While national economic worries appear to be hurting Thanksgiving charity in some parts of the country, the spirit of sharing in the Lawrence community seems as strong as ever.
"It's a really weird thing that's happened. This is the first time we've seen such a tremendous outpouring of food," said Pam Casagrande, board chairman of the Lawrence Interdenominational Nutrition Kitchen (LINK).
Casagrande said that in the past week, donations have included five pounds of coleslaw, several gallons of soup and mounds of potato salad. Also, she said, a private citizen recently donated two 20-pound turkeys, two cases of canned corn and a case of canned peas.
Casagrande said those donations will translate into plenty of helpings at LINK's annual Thanksgiving dinner for area needy, which will be from 1 p.m. to 2:30 p.m. Thursday at First Christian Church, 1000 Ky.
The dinner is open to anyone who would like to attend.
A good number of people also are donating their time to either serve the meal, prepare the meal, deliver it to the homebound or clean up afterward. In fact, so many people have volunteered that Casagrande has had to turn some people away, an act she regrets.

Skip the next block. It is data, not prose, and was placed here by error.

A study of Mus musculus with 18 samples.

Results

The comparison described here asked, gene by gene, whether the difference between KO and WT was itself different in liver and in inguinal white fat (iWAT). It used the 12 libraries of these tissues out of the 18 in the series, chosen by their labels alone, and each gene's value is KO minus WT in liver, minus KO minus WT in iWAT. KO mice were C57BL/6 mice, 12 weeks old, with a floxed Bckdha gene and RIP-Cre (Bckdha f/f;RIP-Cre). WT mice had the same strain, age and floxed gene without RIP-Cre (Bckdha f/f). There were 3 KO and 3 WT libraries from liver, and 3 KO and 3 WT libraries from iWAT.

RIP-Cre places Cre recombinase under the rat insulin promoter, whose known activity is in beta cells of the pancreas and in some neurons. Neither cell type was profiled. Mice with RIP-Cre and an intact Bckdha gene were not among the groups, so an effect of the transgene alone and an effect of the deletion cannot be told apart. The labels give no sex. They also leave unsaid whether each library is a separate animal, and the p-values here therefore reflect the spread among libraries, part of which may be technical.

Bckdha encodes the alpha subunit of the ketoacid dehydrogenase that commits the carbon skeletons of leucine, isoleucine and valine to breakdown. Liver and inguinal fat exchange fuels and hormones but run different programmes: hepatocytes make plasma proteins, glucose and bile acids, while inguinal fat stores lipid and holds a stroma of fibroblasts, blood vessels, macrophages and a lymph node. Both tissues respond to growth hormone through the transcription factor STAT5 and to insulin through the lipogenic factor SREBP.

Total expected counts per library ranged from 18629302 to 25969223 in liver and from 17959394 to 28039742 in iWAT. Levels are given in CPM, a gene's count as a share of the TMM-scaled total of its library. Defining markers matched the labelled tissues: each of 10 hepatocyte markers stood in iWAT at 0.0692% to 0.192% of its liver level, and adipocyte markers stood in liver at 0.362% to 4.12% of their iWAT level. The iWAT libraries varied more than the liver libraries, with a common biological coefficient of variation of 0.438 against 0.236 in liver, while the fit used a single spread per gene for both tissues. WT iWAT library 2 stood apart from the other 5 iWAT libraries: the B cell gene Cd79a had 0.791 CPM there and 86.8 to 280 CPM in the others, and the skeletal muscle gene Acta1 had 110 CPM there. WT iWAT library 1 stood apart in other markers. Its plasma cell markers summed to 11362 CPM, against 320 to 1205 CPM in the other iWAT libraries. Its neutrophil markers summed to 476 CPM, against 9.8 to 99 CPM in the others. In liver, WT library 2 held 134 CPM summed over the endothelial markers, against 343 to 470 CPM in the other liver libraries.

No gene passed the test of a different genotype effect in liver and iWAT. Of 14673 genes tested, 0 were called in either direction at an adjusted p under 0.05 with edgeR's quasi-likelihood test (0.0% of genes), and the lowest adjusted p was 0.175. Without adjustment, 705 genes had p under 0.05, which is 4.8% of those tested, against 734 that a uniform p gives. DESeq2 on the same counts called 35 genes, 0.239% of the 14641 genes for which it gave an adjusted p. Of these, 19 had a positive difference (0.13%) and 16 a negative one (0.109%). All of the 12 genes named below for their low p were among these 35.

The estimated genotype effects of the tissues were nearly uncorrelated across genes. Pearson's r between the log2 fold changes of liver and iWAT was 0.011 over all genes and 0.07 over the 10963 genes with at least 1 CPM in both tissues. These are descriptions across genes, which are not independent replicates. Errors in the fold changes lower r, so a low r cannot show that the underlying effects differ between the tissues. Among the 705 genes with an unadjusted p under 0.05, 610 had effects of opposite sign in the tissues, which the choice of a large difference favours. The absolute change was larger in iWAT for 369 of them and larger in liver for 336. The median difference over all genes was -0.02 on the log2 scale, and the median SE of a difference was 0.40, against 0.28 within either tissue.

"ONE OF the rules is that when you ask for somebody, you have a job for them," Casagrande said.
One area where LINK has seen a drop is in monetary donations: For the first time in a long time, the organization has had to dip into its backup funds to finance its activities.
"We haven't had as many donations, but that's not to say the community hasn't been generous," Casagrande said. "Our costs have gone up, too."
She said LINK served an unusually high number of meals during the summer, which took a toll on the group's resources. Also, LINK is receiving fewer donations of cups, paper plates and napkins. Those items are costly, Casagrande said, especially when considering the average of 99 people served at each of LINK's tri-weekly meals.
"We really are kind of a shoestring operation. We need the support of the community, and we have that," Casagrande said.
John Churchill, corps administrator for the local Salvation Army, also reported an increase in donations. The organization today distributed Thanksgiving baskets complete with turkey, cranberry sauce, yams, rolls, pumpkin pie and other holiday fixings to several needy families.
WHILE 175 turkeys were needed for Thanksgiving baskets last year, 230 baskets were requested this year, and turkey donations were just a few short of the goal as of this morning. Churchill said he expected some last-minute donations would make up the difference.
"The need has increased, and the people have responded to that need," Churchill said.
He added that, so far, the Salvation Army is right on target in its efforts to raise $115,000 for its Christmas assistance programs.
"We're grateful for that community support," Churchill said. "I hope the national situation doesn't get so bad that it affects Lawrence like it has other areas."